Politicians love the middle ground. And why not? Nearly every Washington consultant tells them they should be be all things to all people. Sometimes, however, an issue comes along that demands leadership.
Mining on the Iron Range turns out to be one of those issues and, as hard as career politicians try, there’s no escaping the fact it’s a time for choosing.
No nation should deny to its citizens access to their own resources. And that principle has been the governing philosophy for the Iron Range from as far back as when the Superior National Forest was established in 1909 to the Boundary Waters Canoe Area Wilderness Act in 1978.
But in a stark about face, a lame-duck Obama administration canceled renewal of federal mineral leases critical to the development of copper-nickel mining. Subsequent lawsuits by wealthy environmental groups have blocked necessary land swaps putting a halt to economic development on the Range.
That’s why as a Congressman I was proud to co-sponsor the Miner Act reversing this unwarranted canceling of mineral leases under the previous administration. Contrary to the fear-mongering from urban elitists, nothing in the bill permitted “the prospecting for development and utilization of mineral resources within the Boundary Waters Canoe Area Wilderness or Mine Protection Area.”
Nor are any mine operators proposing that.
Yet even after hundreds of millions of dollars spent trying to get approval, Poly Met Mining and Twin Metals continue to face one legal and regulatory obstacle after another. And the forgone costs to families is dear. Responsible mining for our copper, nickel, platinum, cobalt and titanium deposits—some of the largest in the world—have been estimated to add $5.9 billion to Minnesota’s economy along with as many as 15,000 jobs, direct and indirect. This is especially important given the state has lost almost 25% of its mining and logging jobs since 2000.
Just as taconite once saved the range, so could copper-nickel. In fact, preliminary drilling by Poly Met now shows more minerals than previously thought—metals necessary for wiring, pipes, computers, cell phones and lithium ion batteries that power, ironically enough, electric vehicles.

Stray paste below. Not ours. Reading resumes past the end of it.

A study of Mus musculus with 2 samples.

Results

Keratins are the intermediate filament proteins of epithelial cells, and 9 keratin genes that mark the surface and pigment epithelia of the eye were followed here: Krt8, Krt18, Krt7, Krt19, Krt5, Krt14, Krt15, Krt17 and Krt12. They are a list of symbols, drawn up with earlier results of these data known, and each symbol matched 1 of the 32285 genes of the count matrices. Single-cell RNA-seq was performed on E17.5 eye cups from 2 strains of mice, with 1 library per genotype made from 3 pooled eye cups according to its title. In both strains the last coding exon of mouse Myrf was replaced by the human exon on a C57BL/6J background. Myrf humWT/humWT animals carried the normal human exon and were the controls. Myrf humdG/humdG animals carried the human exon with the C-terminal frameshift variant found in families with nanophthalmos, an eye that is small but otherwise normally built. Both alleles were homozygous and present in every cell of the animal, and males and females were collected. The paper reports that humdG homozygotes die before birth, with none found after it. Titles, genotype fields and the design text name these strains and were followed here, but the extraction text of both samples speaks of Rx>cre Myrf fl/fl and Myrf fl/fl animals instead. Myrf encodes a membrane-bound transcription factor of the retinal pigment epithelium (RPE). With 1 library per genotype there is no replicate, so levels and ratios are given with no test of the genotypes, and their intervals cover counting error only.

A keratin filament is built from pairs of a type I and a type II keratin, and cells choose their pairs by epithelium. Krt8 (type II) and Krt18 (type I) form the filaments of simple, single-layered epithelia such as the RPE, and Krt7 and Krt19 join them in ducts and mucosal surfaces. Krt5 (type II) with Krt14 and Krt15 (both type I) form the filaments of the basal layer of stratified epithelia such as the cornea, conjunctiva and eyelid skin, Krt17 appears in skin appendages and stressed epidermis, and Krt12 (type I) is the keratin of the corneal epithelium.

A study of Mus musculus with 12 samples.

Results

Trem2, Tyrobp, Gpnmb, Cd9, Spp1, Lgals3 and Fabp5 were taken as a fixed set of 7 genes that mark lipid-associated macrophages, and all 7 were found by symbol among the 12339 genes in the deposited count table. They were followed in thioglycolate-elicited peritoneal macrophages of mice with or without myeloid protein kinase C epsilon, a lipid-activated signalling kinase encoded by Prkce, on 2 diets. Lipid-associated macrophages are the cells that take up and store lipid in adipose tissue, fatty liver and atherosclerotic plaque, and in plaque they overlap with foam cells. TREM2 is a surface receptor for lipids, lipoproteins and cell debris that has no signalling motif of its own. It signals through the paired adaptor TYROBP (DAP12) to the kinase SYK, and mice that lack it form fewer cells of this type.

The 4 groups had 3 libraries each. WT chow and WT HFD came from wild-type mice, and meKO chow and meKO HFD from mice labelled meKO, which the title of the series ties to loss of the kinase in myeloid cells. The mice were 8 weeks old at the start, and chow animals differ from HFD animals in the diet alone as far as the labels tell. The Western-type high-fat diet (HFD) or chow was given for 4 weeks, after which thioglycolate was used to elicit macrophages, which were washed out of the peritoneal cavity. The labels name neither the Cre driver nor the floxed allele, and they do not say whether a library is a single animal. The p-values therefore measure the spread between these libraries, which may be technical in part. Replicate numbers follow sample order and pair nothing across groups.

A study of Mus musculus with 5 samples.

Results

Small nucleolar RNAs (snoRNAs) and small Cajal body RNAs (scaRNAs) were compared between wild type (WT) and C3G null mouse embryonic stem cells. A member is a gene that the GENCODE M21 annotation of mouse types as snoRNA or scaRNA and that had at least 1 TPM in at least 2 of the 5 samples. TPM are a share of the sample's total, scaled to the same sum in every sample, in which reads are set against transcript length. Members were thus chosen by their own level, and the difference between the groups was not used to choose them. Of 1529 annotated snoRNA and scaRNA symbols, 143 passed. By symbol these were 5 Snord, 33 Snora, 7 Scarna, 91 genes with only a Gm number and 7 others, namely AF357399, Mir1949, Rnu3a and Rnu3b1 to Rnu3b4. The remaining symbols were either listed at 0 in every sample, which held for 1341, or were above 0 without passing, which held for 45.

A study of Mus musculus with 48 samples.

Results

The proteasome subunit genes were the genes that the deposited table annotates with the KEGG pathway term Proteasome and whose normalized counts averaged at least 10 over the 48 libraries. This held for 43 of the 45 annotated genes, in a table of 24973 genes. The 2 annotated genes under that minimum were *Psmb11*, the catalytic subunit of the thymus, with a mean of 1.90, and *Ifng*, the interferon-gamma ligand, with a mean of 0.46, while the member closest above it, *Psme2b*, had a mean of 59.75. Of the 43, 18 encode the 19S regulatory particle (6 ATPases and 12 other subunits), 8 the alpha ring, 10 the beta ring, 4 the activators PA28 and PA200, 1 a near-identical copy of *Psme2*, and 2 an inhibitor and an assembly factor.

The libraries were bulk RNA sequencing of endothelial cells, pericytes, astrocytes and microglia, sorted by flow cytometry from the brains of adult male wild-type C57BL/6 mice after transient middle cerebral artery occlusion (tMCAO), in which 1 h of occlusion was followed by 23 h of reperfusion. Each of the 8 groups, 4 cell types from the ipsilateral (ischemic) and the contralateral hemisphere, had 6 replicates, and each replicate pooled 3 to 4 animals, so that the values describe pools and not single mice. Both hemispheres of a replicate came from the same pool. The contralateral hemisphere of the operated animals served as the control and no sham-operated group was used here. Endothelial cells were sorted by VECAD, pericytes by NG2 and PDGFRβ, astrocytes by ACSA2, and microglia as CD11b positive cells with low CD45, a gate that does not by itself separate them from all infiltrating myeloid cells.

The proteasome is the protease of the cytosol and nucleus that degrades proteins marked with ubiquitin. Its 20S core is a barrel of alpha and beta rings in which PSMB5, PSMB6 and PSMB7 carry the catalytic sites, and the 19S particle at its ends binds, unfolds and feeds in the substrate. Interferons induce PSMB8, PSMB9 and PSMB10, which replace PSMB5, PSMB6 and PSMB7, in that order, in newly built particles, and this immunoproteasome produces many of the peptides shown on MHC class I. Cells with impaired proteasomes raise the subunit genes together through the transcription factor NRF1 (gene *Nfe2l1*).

But as of now, the United States still imports more than 90% of its titanium consumption.
It seems the only thing opponents have left is ad hominem attack, such as when the husband of shrill anti-mining activist Becky Rom was quoted in the NYTimes Magazine (naturally) blaming miners waiting for “somebody to just give them a job so they can all drink beer with their buddies and go four-wheeling and snowmobiling with their buddies, not have to think about anything except punching a clock.”
Rom herself had earlier pledged to stop copper-nickel mining “one funeral at a time.”
Even if you believe in the bizarre theory that mining hasn’t moved beyond the practices of the 19th century or that a new, safer method of ‘dry-stacking’ tailings is just a talking point, any mining project granted a lease is still subject to Interior Department study and an Environmental Impact Statement (EIS). Moreover, the Minnesota DNR has announced their own independent review contingent on Twin Metals filing a mine plan.
Make no mistake, mining opponents are out to kill jobs on the Range. And they’ve got friends in high places. Just before she arrived in Minnesota for a campaign stop earlier this year, Elizabeth Warren ‘blasted’ mining along with key energy pipeline proposals, such as the Enbridge Line 3 upgrade. She also opposes nuclear power leaving no doubt that the ‘resistance’ Democrats energy policy is simply NO energy.
Voters on the Iron Range are realizing this is no longer your mother or father’s DFL Party. My opponent, Sen. Tina Smith, has been demanding the Forest Service block and delay the Twin Metals project through the Interior appropriations process. But she is all in on impeaching a President who’s trying to help Iron Range families.
Indeed, not one prominent statewide Democrat has pushed back against Warren and stood up for mining and families on the Range.
Jason Lewis served in the 115th Congress and is a Republican candidate to represent Minnesota in the US Senate.